Why do we play?
Humans are playful creatures. Granted, we do not hunt the same pleasures, nor do we extract the same joys from play. But as curious self proclaimed researchers, we’ve tried to decipher the delicate recipe behind players’ motivations. Why do we play? How do we play?
The Bartle Test: 4 archetypes of gamers.
One of the first models to emerge back in 1996 was the Bartle Test, a character theory that delineated 4 primary groups of motivations and characters. Every player drifts between all four areas, but Richard Bartle observed that most players do have a “primary” style. All other styles are “secondary” are subservient to the main interest. For instance, Achievers will definitely explore the game, but only to find new sources of treasures. They will socialize, but as a way to compare digital egos and trophy collections.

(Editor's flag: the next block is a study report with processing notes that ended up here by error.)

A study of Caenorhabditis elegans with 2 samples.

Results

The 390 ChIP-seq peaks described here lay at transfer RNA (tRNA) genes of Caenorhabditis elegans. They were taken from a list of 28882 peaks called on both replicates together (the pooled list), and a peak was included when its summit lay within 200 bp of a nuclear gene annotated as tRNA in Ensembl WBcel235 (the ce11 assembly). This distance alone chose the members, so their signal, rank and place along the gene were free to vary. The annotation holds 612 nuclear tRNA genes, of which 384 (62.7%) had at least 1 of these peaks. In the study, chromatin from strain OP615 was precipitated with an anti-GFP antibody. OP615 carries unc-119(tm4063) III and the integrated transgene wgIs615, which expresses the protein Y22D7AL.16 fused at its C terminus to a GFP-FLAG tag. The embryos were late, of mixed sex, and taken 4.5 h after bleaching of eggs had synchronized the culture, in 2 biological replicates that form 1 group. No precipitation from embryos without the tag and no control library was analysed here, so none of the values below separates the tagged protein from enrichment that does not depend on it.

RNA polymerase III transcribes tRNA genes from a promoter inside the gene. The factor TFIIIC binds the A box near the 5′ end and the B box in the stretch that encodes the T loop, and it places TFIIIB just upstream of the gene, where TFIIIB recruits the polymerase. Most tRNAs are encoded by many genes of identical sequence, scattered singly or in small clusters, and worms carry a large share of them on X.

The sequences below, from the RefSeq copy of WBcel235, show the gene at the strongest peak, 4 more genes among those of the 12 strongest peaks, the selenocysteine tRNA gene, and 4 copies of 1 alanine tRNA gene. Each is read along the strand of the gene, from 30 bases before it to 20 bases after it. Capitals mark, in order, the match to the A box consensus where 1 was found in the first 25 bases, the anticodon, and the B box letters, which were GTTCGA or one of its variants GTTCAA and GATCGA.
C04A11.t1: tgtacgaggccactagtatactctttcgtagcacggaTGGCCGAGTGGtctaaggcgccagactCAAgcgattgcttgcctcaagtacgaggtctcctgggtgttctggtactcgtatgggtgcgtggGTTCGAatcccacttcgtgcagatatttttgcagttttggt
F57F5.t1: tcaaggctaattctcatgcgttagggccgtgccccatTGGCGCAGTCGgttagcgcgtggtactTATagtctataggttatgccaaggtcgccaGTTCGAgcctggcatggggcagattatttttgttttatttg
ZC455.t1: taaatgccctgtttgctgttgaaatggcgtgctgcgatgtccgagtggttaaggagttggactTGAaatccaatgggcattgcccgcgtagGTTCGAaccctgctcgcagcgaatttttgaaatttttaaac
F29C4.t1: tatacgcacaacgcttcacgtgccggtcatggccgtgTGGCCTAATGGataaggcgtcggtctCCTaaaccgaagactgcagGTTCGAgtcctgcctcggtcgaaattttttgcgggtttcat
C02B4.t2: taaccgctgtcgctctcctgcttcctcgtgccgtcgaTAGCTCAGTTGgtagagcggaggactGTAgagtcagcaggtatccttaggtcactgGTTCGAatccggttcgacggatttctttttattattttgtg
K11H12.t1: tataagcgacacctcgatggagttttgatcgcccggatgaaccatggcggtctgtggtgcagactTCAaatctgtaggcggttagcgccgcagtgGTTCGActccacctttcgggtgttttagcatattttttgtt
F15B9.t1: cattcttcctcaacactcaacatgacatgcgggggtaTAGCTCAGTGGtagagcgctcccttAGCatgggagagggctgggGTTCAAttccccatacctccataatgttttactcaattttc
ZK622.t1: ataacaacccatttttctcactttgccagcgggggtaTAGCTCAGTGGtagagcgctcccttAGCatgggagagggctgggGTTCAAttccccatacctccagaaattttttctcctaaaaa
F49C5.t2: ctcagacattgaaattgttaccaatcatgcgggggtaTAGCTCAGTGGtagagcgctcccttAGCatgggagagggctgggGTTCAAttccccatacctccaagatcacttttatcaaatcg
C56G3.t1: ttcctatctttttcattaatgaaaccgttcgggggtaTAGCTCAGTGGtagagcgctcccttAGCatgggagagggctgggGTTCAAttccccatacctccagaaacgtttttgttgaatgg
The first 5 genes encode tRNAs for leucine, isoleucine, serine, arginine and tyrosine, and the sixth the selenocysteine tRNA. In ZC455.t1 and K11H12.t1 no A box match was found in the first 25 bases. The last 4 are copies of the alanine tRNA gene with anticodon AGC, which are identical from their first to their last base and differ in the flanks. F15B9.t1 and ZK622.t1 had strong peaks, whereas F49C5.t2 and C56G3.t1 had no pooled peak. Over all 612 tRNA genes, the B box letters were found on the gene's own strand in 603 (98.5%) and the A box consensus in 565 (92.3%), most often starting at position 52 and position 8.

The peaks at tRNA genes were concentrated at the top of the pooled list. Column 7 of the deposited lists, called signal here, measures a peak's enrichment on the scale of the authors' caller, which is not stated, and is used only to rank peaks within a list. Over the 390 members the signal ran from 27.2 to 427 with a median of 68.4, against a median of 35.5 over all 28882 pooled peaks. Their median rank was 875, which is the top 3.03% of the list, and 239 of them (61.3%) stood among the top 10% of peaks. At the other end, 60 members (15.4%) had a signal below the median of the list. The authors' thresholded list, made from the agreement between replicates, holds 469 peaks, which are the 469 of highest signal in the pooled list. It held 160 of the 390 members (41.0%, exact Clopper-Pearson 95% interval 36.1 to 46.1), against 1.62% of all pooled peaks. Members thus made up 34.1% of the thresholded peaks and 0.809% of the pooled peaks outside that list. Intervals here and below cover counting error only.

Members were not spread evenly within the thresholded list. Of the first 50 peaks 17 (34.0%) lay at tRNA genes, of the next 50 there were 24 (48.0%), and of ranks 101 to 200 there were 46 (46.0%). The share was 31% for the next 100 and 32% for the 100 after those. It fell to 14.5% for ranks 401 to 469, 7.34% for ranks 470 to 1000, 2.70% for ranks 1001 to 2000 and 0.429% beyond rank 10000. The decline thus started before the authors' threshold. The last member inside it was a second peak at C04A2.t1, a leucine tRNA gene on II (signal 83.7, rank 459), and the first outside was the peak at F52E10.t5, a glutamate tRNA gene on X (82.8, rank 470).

- Fun comes from the treasure hunt.
- Driven by concrete measurements of success within the game context (points, levels, rewards, possessions, prestige, skills).
- Looking for achievements: actions to do in the game.
- Fun comes from discovery and information seeking.
- Prone to experiment with the laws of the game: topology, physics, rules, depth, etc.
- Looking for immersion: interactions with the game.
- Fun comes from people and what they have to say.
- Importance of interpersonal relationships: empathy, sympathy, joking, entertainment, listening, conversation-enabling.
- Looking for cooperation: interactions with other players in the game.
- Fun comes from the competitive game of dominance and win/loss situations.
- Cause distress to other players, wreak havoc: taunts, adrenalin-driven killing sprees.
- Looking for competition: actions on other players in the game.